Barista Uno reports from Manila on how crewing CEOs are using maritime cadets as flunkeys.
It tells a lot about values in Manila’s manning sector. Maritime cadets are made to work as unpaid office help or flunkeys, and people see nothing wrong with it. Yet, one has to be callous and ignorant not to see that the serve-for-sail practice demeans cadets and is a violation of the Universal Declaration of Human Rights.
The Declaration was adopted in December 1948 by the United Nations General Assembly with 48 member states, including the Philippines, voting in favour. It states in part that “no one shall be held in slavery or servitude; slavery and the slave trade shall be prohibited in all their forms” (Article 4). To call Manila’s maritime flunkey sytem “slavery” seems a bit strained. But servitude it certainly is.
Servitude. How else would you call it when cadets are obliged to serve lunch to crewing managers in their gleaming white cadet uniforms? Or when they are ordered to go out to buy pizza for the staff? Manning CEOs are known to use cadets as their personal or family drivers even as they pay tribute to seamen on the annual Day of the Seafarer.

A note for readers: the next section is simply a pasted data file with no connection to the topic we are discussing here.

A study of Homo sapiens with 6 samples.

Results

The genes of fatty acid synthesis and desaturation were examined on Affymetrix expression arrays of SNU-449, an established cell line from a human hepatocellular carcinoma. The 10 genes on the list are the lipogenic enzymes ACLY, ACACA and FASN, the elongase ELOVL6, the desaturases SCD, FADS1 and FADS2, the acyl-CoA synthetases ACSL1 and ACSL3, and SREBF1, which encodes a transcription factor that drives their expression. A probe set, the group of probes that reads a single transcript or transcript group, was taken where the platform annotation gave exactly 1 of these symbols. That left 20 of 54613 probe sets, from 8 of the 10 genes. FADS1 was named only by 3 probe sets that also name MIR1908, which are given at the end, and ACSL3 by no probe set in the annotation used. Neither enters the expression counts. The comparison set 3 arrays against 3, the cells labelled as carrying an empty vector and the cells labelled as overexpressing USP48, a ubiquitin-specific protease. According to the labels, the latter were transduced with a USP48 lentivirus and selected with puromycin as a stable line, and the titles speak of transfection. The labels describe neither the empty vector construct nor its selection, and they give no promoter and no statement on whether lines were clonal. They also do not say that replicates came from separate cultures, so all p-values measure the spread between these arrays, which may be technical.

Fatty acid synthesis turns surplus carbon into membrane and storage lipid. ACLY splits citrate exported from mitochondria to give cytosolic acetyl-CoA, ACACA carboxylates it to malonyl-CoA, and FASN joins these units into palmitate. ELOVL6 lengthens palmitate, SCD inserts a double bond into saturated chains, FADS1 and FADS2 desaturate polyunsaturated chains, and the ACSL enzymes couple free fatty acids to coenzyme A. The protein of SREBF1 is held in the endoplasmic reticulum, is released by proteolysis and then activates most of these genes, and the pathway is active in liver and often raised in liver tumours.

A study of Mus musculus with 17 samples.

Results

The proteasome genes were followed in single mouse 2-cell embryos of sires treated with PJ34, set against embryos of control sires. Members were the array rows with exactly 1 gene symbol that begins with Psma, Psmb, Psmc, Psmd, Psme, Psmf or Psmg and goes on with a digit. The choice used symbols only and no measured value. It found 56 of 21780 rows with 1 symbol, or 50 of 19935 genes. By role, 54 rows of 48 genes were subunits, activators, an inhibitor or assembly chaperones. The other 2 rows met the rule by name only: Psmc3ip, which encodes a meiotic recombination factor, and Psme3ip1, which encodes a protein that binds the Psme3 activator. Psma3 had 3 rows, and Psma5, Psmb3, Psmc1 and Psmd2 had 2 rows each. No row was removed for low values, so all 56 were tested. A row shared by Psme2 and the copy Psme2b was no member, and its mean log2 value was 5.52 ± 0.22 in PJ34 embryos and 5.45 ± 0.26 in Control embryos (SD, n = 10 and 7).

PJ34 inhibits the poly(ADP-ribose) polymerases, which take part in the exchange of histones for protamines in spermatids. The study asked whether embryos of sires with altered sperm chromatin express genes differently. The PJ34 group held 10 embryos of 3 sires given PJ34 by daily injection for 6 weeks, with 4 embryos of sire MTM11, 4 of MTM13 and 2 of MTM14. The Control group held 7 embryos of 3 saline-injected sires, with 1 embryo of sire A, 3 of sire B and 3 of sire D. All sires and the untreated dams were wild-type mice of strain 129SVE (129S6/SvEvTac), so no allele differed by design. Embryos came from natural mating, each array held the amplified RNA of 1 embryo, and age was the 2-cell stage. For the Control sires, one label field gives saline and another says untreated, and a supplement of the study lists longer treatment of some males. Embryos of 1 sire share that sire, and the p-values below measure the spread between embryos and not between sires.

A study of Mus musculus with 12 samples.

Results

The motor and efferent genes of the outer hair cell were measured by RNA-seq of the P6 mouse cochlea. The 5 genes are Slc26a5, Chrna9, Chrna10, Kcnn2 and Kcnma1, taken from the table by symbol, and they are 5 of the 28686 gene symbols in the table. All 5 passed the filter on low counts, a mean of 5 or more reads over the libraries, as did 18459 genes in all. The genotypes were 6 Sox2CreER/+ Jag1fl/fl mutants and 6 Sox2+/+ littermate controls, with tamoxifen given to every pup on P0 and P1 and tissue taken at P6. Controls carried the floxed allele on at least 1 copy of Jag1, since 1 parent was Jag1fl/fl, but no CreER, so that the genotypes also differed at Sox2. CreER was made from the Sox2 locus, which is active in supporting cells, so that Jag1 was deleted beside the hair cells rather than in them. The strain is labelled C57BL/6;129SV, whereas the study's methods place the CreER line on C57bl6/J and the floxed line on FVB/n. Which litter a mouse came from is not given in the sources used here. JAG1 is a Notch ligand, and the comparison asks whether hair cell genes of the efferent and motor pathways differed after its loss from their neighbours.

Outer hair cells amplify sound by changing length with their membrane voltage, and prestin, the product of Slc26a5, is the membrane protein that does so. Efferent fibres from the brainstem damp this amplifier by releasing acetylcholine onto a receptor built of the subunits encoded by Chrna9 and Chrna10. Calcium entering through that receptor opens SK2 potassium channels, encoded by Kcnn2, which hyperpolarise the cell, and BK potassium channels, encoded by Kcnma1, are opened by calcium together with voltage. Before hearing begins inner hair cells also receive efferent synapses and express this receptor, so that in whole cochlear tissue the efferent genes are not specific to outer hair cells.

That the cadets are given, in some cases, free lunch and transportation allowance does not make the practice less egregious. These young men and women are at the beck and call of office employees, doing menial tasks (e.g., washing the dishes, cleaning the toilet) that would never be imposed on nursing interns or apprentice lawyers. Many have to wait for months on end before being freed from servitude and placed on board their first vessel.
The exploitative practice is by no means confined to crewing companies. The seamen’s unions are into it. So are some training centres. Feudal as it sounds, the system has become part of Manila’s damaged maritime culture. Who in town gives a damn about the dignity of cadets, the prestige of the merchant marine profession, and the Universal Declaration of Human Rights?
This article first appeared on Marine Café.